Courthouse Culture

Linden MacIntyre calls it courthouse culture, but it’s not limited to courthouses.

Linden MacIntyre calls it courthouse culture, but it’s not limited to courthouses.

It’s the kind of thinking that 30 years ago led a court clerk in Nova Scotia, when MacIntyre asked to see the affidavits supporting a search warrant, to say no. The kind of thinking that, when MacIntyre pointed out that both the police officer who had executed the warrant and an assistant deputy minister in the provincial Attorney-General’s department had told him he had the right to see those affidavits, led that clerk to tell him, according to MacIntyre, “I don’t care. Get out of my office.”

On the way out, MacIntyre found 25 cents in his pocket, stepped up to a pay phone and called a lawyer. The resulting case went all the way to the Supreme Court of Canada. MacIntyre – now host of the CBC program the fifth estate – won.

That victory helped a bit, MacIntyre said during a panel discussion on government secrecy at Ryerson University on Friday. But courthouse culture is alive and well. Though it has become harder for officials to refuse journalists’ requests for court documents outright, “they’ve also learned where to hide these things.” Documents relating to a search warrant executed in one city are often filed in another courthouse altogether. “You never know where to find these things and they don’t have to tell you.”

The courts have no monopoly on this. Panellist Fred Vallance-Jones, a University of King’s College journalism instructor who also prepares Newspapers Canada’s annual Freedom of Information Audit, said requests from journalists and politicians (read opposition politicians) take longer to process than those from the general public, and despite legislation that in most cases calls for answers within 30 days, extensions to six months, nine months or a year are not uncommon.

Suzanne Craig, integrity commissioner for the City of Vaughan, ON, said lack of people, money and information systems accounts for many of the delays, but the political sensitivity of some requests can make a differentce too.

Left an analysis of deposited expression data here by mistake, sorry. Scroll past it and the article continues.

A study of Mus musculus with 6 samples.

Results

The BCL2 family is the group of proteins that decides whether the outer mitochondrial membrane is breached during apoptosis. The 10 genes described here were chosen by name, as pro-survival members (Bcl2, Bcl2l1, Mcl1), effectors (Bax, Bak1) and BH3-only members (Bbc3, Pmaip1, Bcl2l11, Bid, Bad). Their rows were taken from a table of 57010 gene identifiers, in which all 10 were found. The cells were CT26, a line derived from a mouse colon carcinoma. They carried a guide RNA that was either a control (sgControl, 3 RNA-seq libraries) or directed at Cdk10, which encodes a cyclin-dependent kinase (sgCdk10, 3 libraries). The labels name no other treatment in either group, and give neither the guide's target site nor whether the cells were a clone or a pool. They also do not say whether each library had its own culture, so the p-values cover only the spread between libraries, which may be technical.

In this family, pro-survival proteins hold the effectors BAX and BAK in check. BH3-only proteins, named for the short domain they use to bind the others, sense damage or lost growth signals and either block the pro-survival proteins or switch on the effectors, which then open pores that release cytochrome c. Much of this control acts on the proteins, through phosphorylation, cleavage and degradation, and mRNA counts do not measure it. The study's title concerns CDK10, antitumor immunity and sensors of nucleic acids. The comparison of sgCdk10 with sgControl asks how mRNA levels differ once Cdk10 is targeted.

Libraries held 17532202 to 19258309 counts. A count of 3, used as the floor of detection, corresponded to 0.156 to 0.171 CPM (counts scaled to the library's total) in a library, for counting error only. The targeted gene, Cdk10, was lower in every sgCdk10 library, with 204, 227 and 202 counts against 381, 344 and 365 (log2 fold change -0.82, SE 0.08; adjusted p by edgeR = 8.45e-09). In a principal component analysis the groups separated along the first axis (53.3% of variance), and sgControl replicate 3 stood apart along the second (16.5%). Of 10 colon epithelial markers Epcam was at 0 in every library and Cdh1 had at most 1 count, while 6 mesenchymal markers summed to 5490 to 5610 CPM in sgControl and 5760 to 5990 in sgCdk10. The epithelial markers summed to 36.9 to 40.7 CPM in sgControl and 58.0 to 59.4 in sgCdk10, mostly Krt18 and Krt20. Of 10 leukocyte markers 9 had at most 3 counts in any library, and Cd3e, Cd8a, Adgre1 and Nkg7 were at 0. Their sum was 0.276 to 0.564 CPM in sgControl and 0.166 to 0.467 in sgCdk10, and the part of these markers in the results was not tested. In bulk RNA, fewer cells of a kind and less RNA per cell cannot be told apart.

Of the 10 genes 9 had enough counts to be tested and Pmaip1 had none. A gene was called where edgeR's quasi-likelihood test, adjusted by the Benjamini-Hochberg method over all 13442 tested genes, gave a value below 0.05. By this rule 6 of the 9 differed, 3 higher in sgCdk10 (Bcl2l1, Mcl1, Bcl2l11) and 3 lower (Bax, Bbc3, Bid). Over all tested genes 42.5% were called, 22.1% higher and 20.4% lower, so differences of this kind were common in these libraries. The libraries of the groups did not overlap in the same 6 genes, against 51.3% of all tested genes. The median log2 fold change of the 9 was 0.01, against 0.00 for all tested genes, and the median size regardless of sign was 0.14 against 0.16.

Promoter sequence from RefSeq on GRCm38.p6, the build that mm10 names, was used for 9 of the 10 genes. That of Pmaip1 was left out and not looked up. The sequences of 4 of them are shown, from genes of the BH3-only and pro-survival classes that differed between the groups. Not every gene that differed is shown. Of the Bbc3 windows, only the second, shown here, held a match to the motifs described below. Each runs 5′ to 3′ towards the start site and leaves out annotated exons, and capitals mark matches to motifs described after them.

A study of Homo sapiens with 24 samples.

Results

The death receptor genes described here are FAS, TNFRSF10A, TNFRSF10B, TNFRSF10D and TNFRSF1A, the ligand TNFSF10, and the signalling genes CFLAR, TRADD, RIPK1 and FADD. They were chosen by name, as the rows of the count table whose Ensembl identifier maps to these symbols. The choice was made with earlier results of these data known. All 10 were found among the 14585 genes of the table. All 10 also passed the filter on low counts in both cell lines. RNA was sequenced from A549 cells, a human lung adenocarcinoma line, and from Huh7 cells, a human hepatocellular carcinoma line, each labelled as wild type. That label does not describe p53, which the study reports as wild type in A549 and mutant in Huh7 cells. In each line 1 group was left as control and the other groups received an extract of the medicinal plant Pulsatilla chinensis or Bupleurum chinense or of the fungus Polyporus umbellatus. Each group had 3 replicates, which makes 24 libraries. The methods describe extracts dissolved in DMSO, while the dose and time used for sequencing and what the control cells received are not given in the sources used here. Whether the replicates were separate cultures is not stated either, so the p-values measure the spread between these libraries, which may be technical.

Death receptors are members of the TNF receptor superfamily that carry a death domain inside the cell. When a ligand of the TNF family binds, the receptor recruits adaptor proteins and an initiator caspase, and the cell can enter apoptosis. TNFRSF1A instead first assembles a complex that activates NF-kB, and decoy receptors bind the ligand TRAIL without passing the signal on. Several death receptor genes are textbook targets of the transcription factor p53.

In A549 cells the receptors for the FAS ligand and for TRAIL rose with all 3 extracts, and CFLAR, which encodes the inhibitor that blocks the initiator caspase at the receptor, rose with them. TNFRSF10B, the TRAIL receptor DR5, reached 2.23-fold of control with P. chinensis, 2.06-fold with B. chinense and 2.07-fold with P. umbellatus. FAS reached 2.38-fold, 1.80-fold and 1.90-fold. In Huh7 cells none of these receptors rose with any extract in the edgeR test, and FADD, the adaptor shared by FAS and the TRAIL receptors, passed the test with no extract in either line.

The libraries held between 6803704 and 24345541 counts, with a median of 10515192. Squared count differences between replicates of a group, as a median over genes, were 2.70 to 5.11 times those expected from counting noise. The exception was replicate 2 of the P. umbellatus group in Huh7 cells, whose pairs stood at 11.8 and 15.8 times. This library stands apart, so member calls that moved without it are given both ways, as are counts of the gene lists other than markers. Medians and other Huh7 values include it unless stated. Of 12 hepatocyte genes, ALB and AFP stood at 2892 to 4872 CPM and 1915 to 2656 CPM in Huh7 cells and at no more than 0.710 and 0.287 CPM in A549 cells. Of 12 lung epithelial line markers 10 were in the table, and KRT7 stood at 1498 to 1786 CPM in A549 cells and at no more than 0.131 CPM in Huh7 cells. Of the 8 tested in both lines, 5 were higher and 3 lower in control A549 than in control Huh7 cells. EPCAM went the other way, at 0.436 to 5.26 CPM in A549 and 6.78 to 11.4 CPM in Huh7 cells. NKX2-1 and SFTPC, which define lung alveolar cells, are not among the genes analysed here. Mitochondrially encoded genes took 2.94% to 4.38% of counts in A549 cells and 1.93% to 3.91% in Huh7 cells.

“Where we’ve had a mayor who believed in openness, where we had a minister and a deputy minister who believed in openness, the access works,” Craig said. But that’s not always.

The panellists looked for answers to the problem. Vallance-Jones blamed it in part on the British Parliamentary system of government, which he said has for hundreds of years embraced “this idea that everything is done in secret” – a point that Paul Knox, an instructor in and former chair of the Ryerson School of Journalism, echoed from the floor during the question period.

“Somehow we have to achieve a cultural change,” MacIntyre said in replying to Knox’s comment. “It has to happen, or we are going to see the rise, and I don’t want to be a fearmonger, but we are seeing this increasing trend toward authoritarianism.”

Bruce Gillespie, who teaches journalism at Wilfrid Laurier University at its Brantford, ON campus, said journalists need to do a better job of explaining to the public why access to information is important.  “If we don’t explain what is at stake,” he said, “I think we kind of feed into this public apathy.” And increased media focus on celebrities and trivia is not helping the public’s understanding of the media’s role as watchdogs, he added.

Craig had the last word, urging reporters simply to expose what isn’t working in the access to information system. “Do what you do best,” she said. “Research and write.”

Correction: A previous version of this article stated that Gillespie taught journalism at Wilfrid Laurier University in Waterloo, ON.